African-American Museum in Philadelphia

"Let This Be Your Home"

The figures shown above were originally used in a museum exhibition called "Let This Be Your Home" which explored African-American, post-bellum migration from the southern to the northern states. Contemporary visitors are invited to journey into the cultural and historical record of Philadelphia's African-American community.

This museum is home to art shows and special historic exhibits that focus on African-American themes. Also on display within its four galleries is a permanent collection of African-American art and historical photographs of Philadelphia. Additionally, the museum provides space for special cultural performances, such as an annual all-night Jazz 'Til Sunrise music marathon held every February.

Painters featured in past shows have included Jacob Lawrence, Romare Bearden and most recently Palmer Hayden. Forty Hayden works, including his chef-d'oeuvre "Midsummer Night in Harlem," kept visitors warm during the winter of '95. Special exhibits have included a detailed look at the civil rights movement and the rise of the black church.

Three Generations Of African American Women Sculptors: A Study In Paradox

On the first and second floors, until October 1996, is an absolutely terrific exhibit entitled, "Three Generations of African American Women Sculptors: A Study in Paradox." Sixty works by ten African American female artists are displayed in the nation's first major exhibition of its kind. Visitors are able to discern individual artistic growth as well as to chronicle the influence prior generations had on succeeding ones.

The exhibition starts on the ground floor and includes the works of sculptors May Howard Jackson (1877-1931) and Nancy Elizabeth Prophet (1890-1960). Prophet's polychromatic wooden busts should not be missed.

The exhibition continues on the second floor. Elizabeth Catlett's "Tired" was this writer's favorite piece in the exhibition. A terra cotta figure sits slumped on a bench, her shoulders sag, her feet are heavy, and her eyes are scooped out and hollow. These sad slits seem to see just more work and pain in the future.

Augusta Savage's (1900-1962) "Gamin," a bronze executed in 1929, shows a cocky, smart, resigned, young face set off by a tilted gap. This is a face that will outwit the Depression. Another Savage work is of Marian Anderson the great Philadelphia contralto. Most remarkable of all, perhaps, is Savage's 1931 sculpture, "Harp." Each string on the harp is a actually a human figure; each figure is a member of a choir. A hand that forms the back of the harp also holds the choir members in place. Listen closely and you almost hear the voice of angels.

Healing The Body And Mind -- African American Sports Tradition In Philadelphia

The 3rd and 4th floor galleries are given over to an exhibit entitled "Healing the Body and Mind -- African American Sports Tradition in Philadelphia" (through December 1996).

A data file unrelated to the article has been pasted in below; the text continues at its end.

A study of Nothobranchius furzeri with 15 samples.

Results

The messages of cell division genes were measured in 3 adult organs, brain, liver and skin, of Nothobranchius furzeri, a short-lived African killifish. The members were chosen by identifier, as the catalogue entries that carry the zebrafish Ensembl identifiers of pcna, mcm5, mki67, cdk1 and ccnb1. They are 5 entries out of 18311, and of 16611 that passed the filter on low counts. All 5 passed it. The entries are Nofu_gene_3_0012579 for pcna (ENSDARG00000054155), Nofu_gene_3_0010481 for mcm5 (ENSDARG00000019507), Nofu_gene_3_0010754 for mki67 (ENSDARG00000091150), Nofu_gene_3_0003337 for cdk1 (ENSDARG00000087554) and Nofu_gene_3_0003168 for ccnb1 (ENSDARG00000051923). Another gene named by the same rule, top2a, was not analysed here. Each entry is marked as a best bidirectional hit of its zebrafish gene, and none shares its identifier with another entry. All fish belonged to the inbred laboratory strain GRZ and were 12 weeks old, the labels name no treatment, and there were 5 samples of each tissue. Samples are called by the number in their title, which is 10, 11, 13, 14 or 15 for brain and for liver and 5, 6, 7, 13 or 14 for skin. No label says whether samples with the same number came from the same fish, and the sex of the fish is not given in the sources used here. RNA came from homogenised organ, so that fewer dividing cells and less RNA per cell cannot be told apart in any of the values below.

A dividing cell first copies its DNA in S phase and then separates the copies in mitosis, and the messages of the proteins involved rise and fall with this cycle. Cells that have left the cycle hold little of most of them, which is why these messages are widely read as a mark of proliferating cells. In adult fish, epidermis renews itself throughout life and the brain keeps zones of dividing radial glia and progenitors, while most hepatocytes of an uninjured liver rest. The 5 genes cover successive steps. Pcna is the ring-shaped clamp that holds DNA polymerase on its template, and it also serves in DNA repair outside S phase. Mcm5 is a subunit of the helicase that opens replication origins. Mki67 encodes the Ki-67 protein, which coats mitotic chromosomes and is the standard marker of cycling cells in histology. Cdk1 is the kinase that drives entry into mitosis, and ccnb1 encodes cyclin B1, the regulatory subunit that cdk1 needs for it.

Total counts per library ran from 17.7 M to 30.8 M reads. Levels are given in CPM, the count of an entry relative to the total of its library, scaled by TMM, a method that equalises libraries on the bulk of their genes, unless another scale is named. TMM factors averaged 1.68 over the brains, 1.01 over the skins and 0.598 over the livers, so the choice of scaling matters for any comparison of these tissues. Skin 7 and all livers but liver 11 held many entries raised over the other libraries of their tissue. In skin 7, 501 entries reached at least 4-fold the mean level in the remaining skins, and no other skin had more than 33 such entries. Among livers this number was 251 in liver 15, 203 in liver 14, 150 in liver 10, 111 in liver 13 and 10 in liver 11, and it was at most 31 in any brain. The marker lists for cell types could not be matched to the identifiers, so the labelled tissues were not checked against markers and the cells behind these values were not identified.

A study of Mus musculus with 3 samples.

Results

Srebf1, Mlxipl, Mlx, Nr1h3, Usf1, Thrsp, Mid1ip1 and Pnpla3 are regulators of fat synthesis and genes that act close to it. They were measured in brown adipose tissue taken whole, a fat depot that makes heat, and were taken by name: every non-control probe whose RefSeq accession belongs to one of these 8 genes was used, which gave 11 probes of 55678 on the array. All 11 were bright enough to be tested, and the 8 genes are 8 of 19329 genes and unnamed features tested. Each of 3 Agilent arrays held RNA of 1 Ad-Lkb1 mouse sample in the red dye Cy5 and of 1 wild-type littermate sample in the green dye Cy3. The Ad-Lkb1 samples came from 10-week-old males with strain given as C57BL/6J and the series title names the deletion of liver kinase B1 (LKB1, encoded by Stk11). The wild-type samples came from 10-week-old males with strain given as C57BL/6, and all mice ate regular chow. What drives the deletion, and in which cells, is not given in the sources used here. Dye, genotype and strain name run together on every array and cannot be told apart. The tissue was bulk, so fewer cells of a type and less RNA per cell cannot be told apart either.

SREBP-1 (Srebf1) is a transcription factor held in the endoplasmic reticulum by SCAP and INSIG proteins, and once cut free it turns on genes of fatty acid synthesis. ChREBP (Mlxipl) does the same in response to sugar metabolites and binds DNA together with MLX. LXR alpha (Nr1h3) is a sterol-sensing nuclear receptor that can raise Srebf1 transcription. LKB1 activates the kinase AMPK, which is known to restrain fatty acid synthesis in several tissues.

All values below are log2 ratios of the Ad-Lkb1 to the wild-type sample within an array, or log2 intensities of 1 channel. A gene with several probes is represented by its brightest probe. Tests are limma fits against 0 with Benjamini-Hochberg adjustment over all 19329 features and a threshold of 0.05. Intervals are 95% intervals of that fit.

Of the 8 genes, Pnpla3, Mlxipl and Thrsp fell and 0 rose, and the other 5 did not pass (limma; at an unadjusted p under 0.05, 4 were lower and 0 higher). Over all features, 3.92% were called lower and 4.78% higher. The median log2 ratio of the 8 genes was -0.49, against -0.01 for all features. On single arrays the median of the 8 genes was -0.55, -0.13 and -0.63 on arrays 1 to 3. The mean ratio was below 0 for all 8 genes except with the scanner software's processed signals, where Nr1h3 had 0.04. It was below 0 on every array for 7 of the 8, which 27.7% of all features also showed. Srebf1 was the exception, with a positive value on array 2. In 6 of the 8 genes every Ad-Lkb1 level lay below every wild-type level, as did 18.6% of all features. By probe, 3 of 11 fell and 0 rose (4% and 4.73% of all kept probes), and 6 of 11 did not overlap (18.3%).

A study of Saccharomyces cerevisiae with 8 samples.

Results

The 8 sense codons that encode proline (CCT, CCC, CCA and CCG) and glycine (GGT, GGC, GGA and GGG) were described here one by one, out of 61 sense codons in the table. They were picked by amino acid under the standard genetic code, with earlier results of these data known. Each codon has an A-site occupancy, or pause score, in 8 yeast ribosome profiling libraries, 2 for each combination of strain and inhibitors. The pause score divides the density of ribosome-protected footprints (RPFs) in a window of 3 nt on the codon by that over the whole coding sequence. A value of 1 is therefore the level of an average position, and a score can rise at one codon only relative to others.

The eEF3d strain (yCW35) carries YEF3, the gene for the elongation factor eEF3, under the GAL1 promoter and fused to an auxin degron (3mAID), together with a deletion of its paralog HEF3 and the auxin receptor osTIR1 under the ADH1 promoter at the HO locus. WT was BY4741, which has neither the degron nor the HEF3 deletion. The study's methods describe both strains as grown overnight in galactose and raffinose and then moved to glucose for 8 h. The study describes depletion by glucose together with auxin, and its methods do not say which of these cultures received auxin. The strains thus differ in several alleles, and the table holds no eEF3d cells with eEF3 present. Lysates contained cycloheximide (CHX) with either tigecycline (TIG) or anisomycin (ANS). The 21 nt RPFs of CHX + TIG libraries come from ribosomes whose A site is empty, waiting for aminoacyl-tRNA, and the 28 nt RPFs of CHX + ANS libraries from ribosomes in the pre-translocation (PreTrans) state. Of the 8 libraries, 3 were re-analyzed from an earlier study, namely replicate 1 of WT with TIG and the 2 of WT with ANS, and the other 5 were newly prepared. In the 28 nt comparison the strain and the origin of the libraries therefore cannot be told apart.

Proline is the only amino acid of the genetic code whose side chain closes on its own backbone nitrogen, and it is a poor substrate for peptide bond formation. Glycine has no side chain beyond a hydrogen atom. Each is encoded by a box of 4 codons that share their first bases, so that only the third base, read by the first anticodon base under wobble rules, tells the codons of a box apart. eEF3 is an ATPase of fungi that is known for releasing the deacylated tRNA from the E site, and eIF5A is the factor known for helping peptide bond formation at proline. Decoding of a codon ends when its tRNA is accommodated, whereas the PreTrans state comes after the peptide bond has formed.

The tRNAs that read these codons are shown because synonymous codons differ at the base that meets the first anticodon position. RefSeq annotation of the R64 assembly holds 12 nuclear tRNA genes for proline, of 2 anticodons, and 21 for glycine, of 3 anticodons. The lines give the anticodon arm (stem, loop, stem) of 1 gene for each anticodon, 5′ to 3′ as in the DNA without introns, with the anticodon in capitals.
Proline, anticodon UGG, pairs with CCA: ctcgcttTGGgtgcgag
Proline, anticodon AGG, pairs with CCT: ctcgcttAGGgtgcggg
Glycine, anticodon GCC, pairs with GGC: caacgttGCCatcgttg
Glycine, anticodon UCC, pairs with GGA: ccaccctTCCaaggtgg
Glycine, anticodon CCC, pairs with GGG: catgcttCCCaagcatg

The 3rd floor is a picture story of the lives of young athletes, accented with selected quotes painted on the wall. The pictures recount the role sports played in their lives. The nurturing role of the YMCA and the YWCA in the lives of Philadelphia's young African-American athletes is explored in great detail. Philadelphia's Christian Street YMCA was the country's first branch to open specifically for African-Americans. Sponsored in part by the Philadelphia Tribune, the nation's oldest continuously owned African-American newspaper, the "Y" gave the community its own teams and a place to participate in athletics.

The 4th floor is about the pros. Photos of famous professional Philadelphia athletes cover the walls. Wilt Chamberlain shares space with the Rockettes, a 1954 South Philadelphia women's basketball team. Baseball fans will enjoy photographs of the Hilldale and Philadelphia Giants, a team from the Negro Leagues. Many of the Giants were indeed baseball giants -- Roy Campanella, Judy Johnson, and Bill "Ready" Cash.

While the baseball exhibit duly notes that Philadelphia's Phillies and A's were two of the last major league teams to integrate, sometime in the early-1960s, the museum has chosen to focus on the contributions African American athletes have made.

Its coverage of boxing lacks punch. Philadelphia has long been recognized as a pugilistic mecca, and although there are photos of Philly's own champ, Smokin' Joe Frazier, among others, the rich boxing culture is never given a proper treatment. A movie on the life of Joe Louis (a Detroit fighter) does play in the gallery.

By the way, watch for the photo of Bill Cosby running in the Penn Relays, as a member of Temple's track team.

The museum hosts an annual all-night jazz jam every February. Jazz greats who have participated in the Jazz 'Til Sunrise show have included: Shirley Scott, Jimmy Heath, Jimmy Oliver, and Ted Curson.

The land on which the museum was built was once part of a historic black community.